President Obama Probably Knows More About the Clinton Investigation Than He’s Letting On
As LawNewz previously reported, President Barack Obama sat down for a wide-ranging interview on Fox News Sunday with Chris Wallace where he gave his most detailed answers to date about the Hillary Clinton’s use of private e-mail server while serving as Secretary of State. As was also noted earlier, President Obama appeared noticeably more cautious and measured in his response to questions on this issue — at least as compared to how he answered similar questions about six-months ago during an appearance on 60 Minutes on CBS. Despite that change of tone, however, President Obama’s responses will likely still draw valid criticism and leave some wondering whether he knows more about the investigation than he lets on.
It should be noted at the outset that President Obama repeatedly told Chris Wallace there would be absolutely no political interference in the Clinton investigation.
“I guarantee that there is no political influence in any investigation conducted by the Justice Department or the FBI, not just in this case but in any case. Full stop, period. Guaranteed, full stop,” President Obama affirmed.
However, that is unlikely to tamp down speculation regarding what President Obama and the White House know about the investigation. It didn’t help matters that moments later President Obama said that throughout his presidency he has always maintained a strict policy of not speaking with the FBI or Attorney General about any pending investigation. This is a rather curious remark, considering the White House has repeatedly put out photos and readouts of the president receiving briefings and updates on various investigations. The most prominent example recently coming in the aftermath of the San Bernardino shootings when the White House posted a readout titled, “Readout of the President’s Update on the Investigation into the San Bernardino Shootings” that read, in part:
The President this morning received an update from FBI Director Comey, Attorney General Lynch, Secretary of Homeland Security Johnson, and his intelligence community leadership on the ongoing investigation into the horrific shootings in San Bernardino, California. The President was briefed on the latest details of the investigation (emphasis added).
This is just one example, but it indicates that Obama does receive updates about ongoing investigations, directly from both the Attorney General and the FBI Director. More relevant to the context of the Clinton investigation, is the allegation that at least some of the president’s White House advisors were aware of the FBI investigation into former CIA Director David Petraeus well before it became public. The White House denied the allegations at the time, however, they are back in the spotlight now that Jill Kelley, a woman at the center of the Petraeus scandal, has written a book in which she claims government officials purposely sat on the Petraeus investigation for six-months so as not to hurt Obama’s re-election effort.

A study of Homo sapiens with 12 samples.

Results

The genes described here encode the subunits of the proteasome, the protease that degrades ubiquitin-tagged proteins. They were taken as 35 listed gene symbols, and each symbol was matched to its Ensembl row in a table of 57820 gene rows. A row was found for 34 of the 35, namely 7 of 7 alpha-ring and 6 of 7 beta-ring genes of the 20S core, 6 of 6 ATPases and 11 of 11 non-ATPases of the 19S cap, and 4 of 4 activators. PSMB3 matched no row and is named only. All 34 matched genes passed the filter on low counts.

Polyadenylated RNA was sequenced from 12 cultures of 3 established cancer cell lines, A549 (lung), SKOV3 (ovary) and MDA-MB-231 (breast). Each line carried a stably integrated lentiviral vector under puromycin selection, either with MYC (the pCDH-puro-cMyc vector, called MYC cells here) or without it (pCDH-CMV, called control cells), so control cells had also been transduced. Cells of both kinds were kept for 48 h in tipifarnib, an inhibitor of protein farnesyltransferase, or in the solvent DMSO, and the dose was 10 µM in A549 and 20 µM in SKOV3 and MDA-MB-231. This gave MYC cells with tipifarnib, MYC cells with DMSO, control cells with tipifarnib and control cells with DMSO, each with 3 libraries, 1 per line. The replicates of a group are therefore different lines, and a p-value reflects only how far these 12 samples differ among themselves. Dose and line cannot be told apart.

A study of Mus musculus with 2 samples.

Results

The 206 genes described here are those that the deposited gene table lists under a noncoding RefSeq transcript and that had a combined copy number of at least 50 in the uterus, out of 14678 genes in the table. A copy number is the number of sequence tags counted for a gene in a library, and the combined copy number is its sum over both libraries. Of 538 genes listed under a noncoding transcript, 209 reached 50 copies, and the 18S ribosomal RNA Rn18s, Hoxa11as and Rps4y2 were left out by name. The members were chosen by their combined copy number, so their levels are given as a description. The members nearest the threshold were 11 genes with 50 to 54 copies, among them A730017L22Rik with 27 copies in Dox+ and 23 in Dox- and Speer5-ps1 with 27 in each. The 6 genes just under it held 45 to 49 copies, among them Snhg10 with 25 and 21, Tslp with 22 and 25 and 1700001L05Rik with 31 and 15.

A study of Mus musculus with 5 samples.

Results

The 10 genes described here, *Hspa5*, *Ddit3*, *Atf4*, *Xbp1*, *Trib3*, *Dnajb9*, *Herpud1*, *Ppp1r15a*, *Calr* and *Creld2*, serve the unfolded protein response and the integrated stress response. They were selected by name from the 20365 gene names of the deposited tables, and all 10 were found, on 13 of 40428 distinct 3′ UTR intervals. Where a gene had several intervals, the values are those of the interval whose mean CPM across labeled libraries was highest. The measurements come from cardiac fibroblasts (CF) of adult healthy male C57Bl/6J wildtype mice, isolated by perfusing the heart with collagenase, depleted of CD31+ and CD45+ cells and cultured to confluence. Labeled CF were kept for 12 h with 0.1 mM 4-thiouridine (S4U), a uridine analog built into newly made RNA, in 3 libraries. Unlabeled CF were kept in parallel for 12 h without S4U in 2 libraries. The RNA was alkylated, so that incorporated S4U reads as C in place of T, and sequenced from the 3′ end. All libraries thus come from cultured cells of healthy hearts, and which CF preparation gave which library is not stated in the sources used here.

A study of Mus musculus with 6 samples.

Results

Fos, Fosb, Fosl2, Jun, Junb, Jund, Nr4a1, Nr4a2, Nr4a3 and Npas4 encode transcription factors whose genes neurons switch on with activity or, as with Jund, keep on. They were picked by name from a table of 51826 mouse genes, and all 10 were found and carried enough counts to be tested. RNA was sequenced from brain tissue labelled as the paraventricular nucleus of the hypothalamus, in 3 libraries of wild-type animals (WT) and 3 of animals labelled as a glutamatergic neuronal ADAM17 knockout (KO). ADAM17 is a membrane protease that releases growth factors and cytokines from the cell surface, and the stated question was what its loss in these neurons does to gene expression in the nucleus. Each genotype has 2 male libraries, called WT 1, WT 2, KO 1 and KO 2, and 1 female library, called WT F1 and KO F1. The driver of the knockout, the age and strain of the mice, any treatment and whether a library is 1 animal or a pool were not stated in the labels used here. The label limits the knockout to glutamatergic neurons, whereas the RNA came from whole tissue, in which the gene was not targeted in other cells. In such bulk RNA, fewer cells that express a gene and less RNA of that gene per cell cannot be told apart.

At a separate point in the interview, Obama was asked whether he stood by the remarks he made during the previous 60 Minutes interview that Clinton’s use of the private e-mail server did not endanger national security. Obama was noticeably more hesitant in his response this time, telling Wallace that he had to “be careful” because of the ongoing FBI and congressional investigations. Then, in an attempt to seemingly dodge the question, Obama replied that he was sure “[s]he would never intentionally try to America in any kind of jeopardy.” Finally, after Wallace pushed for a direct answer, Obama replied that he “continued to believe she has not jeopardized national security” before adding the caveat that there was a “carelessness” about the whole e-mail setup.
It is possible that Obama’s hesitation is simply a result of criticism he received in aftermath of the 60 Minutes interview from anonymous and current FBI officials who were concerned he was trying to steer the outcome of the probe by signaling to investigators that he did not believe Clinton broke the law.
That said, his word choice here is interesting because — if Obama is signaling his thoughts or even knowledge about the investigation — he seems to indicate that any statute that requires Clinton to have acted “knowingly” (such as 18 U.S.C.A. § 1924(a) — Unauthorized removal and retention of classified material) is possibly off the table.
Nonetheless, in describing Clinton’s conduct as careless, as opposed to simply as a “mistake” as he did during the 60 Minutes interview, Obama’s comments track pretty close to the language of the more serious statute 18 U.S.C.A.§ 793(f) which makes it a felony for “[w]hoever, being entrusted with or having lawful possession or control of any document … relating to the national defense, (1) through gross negligence permits the same to be removed from its proper place of custody….” Perhaps the only word Obama could have used that tracks even more closely to the statute would have been “recklessness.”
As has been pointed out before on this website, it is impossible to know what is really going on in the Clinton e-mail investigation. Thus, we are left to speculate about what may (or should) happen based on the available information. While he likely meant for Sunday’s interview to be less controversial than the last time around, Obama’s responses will surely be picked apart and add to fuel to the fire raging around the Clinton e-mail debate.
[image via shutterstock]
This is an opinion piece. The views expressed in this article are those of just the author.